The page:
We have witnessed benign inflation and interest rates globally for the past several years. However, the US federal funds rate could begin to take flight in late-2015 as growth continues at a moderate pace in the United States. An upward trending interest rate cycle is generally bullish for equities (see Figure 1) and bearish for fixed income. However, the transition to rising Federal Funds rates can be confusing for capital markets.
Figure 1: S&P 500 and US Fed Funds Rate (Monthly)
As a result, we have taken a closer look at the initial stages of the 2004 rate hike cycle and its potential implications for the stock market in the coming months. Referring to Figure 2, we highlight key monetary events in 2004 and illustrate the impact on the S&P 500:
A: Jan 28/04: Fed leaves bank lending rate at 1%, but removes the “considerable period” (of monetary accommodation) phrase from its statement and signals that rates could rise in the “late spring, early summer.” The S&P 500 makes three attempts at new highs before declining 5-6% in March 2004. B: Apr 23/04: Fed Governor Ben Bernanke said that monetary policy is “in a transition phase” and “short-term interest rates must eventually normalize.” The S&P 500 retests its 2004 lows after attempting to regain its highs. C: Jun 30/04: Fed raises the bank lending rate to 1.25% (from 1%). The S&P 500 makes a new low by early August 2004, dropping 8% from its 2004 high.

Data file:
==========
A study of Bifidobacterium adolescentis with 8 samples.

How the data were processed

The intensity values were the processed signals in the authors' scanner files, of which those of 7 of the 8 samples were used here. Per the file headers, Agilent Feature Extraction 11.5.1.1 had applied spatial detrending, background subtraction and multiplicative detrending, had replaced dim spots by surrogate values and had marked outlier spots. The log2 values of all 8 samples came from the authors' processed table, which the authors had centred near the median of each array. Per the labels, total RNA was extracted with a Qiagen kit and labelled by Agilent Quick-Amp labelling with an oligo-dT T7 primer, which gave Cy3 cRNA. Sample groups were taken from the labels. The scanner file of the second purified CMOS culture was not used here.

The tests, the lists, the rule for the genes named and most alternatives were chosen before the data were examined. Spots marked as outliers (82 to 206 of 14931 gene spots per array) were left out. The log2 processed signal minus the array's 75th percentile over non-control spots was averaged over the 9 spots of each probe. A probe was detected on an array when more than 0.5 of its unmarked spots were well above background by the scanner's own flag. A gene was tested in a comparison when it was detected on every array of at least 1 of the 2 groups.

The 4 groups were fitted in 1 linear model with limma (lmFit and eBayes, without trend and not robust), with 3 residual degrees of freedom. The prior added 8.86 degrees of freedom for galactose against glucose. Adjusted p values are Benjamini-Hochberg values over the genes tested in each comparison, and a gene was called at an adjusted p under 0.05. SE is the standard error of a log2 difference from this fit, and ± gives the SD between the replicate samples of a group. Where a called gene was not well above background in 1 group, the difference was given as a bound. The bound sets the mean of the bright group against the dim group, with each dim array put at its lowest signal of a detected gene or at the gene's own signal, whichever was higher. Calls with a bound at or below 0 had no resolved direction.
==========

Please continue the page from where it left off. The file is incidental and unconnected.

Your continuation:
Figure 2: S&P 500
In conclusion, the transition period to tighter monetary policy resulted in sideways-to-downward trending equities in the short-term. Will the coming interest rate hike hold a similar fate for US equity markets? The one key ingredient that makes the coming rate hike cycle different is the $4.4 trillion in asset purchases from quantitative easing (QE) that currently sits on the US Federal Reserve balance sheet, compared to just $800 million in 2004. This massive balance sheet might actually make it easier for the Fed to manage interest rates as it attempts to (very) gradually reduce liquidity in a US economy that is still relatively fragile from a long-term perspective.
Hence, the Fed and capital markets are truly in uncharted territory as its attempts to lift the US Federal Funds rate off of the floor. The piece of the puzzle that does appear to be clear is the fact that despite the short-term noise and 5-10% equity correction that was characteristic of 2004, equities resumed their upward trajectory shortly after rates achieved lift-off.